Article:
About Me


Thursday, April 17, 2014

You Just Can't Make This Stuff Up

As a writer, I'm an avid people watcher and listener. I also pay close attention to the little things that happen in life that could possibly trigger stories. Sometimes things happen that are just so brilliant, so awesome, I feel I couldn't even have made them up, because in addition to being brilliant and awesome, they're really weird.

One such thing happened to me and my son. We went into a gas station/convenience store to pay for gas. The man working was probably in his thirties, tall, with hair that looked vaguely 1970s. A Bryan Adams song was playing in the store, and when I went to the register to pay for gas, the man said, "How are you doing?" in an eastern European accent, and then nodded to nothing in particular, smiled, and said, "Bryan Adams." He said it as though it were a secret between us, something only we knew the true meaning of. I've filed this incident away and hope to one day use the eastern European Bryan Adams man somewhere, somehow.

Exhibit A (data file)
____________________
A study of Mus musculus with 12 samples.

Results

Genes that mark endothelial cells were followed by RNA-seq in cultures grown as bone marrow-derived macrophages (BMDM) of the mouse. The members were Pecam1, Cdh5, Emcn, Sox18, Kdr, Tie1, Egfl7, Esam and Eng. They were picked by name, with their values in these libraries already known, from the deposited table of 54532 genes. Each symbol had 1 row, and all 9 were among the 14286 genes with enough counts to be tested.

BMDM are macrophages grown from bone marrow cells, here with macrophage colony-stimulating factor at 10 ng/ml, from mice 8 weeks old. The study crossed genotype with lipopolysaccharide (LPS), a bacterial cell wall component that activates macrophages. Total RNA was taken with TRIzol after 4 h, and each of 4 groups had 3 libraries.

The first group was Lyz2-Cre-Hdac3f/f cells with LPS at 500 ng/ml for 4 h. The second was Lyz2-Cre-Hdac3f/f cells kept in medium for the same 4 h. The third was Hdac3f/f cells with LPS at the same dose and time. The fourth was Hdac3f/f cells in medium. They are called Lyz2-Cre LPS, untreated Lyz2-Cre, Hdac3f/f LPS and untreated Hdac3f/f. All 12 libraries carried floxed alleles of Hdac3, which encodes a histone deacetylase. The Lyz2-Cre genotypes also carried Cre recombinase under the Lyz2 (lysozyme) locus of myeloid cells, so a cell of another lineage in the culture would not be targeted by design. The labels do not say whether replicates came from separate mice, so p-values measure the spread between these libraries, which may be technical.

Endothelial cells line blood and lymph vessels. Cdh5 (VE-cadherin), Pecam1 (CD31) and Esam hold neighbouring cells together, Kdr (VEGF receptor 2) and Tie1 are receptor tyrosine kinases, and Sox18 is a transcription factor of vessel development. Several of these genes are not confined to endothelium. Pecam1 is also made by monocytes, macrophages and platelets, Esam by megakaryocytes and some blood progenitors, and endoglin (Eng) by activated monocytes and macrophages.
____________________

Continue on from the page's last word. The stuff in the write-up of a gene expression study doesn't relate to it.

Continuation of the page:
Another thing happened on a recent Fourth of July when my son, husband, and I were sitting in a crowd of people by the river that runs through our village, waiting to watch fireworks. We heard a man nearby say, "I seen her taking shit that don't belong to her." It sounded funny to me, and it made me think, who is she and what is her relationship to this man? What is the shit that she's taking?  Where was this man when he saw her taking the shit that didn't belong to her? Incidents such as this trigger thoughts in me that might lead to stories. I've remembered this man and his statement and periodically ask myself these questions. Perhaps one day in my fiction, I'll answer them.

If you're a writer, I feel you have to be a close watcher and listener of people. And you have to pay attention to the little weird things in life. Sometimes all it takes is one odd moment to come up with something fabulous.